Nearly everyone enjoys receiving acknowledgment of a job well done and excellence in their work, and certainly lawyers are no exception. The number of companies offering awards and recognitions to attorneys and law firms is growing every day, and they are often money-making endeavors. My lawyer clients are solicited regularly with suggestions they are a “Top,” “Best,” “Most,” “Leading,” or “Super” attorney in their area of practice—but greatness often comes with a price. To be listed, one is encouraged to take out congratulatory advertising, or purchase a plaque or badge that can be posted to the attorney’s website profile or included in one’s email signature. For most attorneys, it can be challenging to know which of these opportunities matter and are legitimate, and which are spam.
Do Recognitions Even Matter?
If you can basically buy yourself endless awards, do they have any value? It really depends on your objective. If you are growing a practice, then you need to think about the professionals that matter to you and what matters to them. Some considerations for pursuing awards include:
Tipping the scales: When a client or prospect is considering hiring you versus a competitor who appears equal in all areas (pedigree, experience, education), and you have a long list of awards and recognitions from organizations the client or prospect has heard of, or think they have heard of, and your competition doesn’t, that could be the thing that pushes them to hire you. This is also relevant when you are being considered by future employers. Note that non-lawyers typically do not have as many opportunities for public recognition and awards as lawyers do, so when people outside of the legal profession see your accolades, they may be more likely to be impressed.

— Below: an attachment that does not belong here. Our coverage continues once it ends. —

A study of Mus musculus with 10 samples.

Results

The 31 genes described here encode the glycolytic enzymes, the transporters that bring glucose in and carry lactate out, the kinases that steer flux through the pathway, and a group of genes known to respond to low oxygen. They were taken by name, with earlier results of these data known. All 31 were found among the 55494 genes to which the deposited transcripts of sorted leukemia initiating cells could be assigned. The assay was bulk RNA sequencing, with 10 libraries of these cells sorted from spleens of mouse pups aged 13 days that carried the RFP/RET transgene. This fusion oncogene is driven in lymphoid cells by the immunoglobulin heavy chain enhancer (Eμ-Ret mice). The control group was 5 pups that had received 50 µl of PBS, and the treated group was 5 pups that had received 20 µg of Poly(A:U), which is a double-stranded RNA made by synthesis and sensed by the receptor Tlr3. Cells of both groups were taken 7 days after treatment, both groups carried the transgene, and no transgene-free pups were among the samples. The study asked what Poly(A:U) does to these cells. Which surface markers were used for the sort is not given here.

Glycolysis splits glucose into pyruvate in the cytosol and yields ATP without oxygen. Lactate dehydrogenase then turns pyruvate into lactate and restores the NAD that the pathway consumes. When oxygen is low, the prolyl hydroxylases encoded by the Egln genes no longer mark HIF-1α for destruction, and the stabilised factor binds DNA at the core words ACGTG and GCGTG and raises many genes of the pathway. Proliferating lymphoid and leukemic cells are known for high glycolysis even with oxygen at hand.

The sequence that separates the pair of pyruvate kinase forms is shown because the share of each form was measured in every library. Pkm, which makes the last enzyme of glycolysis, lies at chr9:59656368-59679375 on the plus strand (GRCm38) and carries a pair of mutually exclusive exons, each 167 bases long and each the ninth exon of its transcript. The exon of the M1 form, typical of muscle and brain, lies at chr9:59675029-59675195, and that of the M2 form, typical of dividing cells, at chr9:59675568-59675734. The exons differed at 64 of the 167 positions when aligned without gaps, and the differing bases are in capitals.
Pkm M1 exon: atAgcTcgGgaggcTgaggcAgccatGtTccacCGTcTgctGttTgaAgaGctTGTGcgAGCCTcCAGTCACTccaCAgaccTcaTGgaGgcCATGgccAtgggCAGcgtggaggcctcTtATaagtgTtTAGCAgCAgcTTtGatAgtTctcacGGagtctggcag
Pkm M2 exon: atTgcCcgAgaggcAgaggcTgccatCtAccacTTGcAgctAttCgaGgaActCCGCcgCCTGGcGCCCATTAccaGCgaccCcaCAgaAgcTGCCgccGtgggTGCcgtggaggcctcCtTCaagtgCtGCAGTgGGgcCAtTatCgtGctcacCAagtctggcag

Building credibility: Having industry honors and awards can build your perceived credibility. Most audiences understand these types of recognitions as a form of social proof, especially when the award is specific in highlighting a nuance, niche, or differentiator about you and your practice (e.g., a securities litigator recognized for working in cryptocurrency and blockchain). The people referring your work and those responsible for hiring you could feel validated when seeing you receive consistent recognitions. Attorneys you want to work with (whether senior or junior to you) may see honors and recognitions as an affirmation of expertise in your field, which may help persuade them to work with you.
Staying top of mind: Regularly reminding your network of your expertise is key to growing your reputation and leads to new opportunities. For law firms, publicly acknowledging a recognition received by one of their attorneys is a nice way to improve their visibility as well as highlight practice areas and expertise within a firm. Lawyers can use the opportunity to share an award won with their network to highlight the type of work that led to the honor.
Which Awards/Lists Should You Submit To?
Certainly not all awards and honors are equal. There are plenty of recognitions for lawyers that do not require a fee, so I generally advise attorney clients to avoid those that are purely pay-to-play. To make the biggest impact on your practice, focus on awards and recognitions given by organizations that your target contacts might have heard of. Also look for awards that help you build the professional reputation you are interested in. It may sound obvious, but if you are pivoting your bankruptcy practice to focus on finance work with venture capital firms, do not pursue awards for bankruptcy attorneys.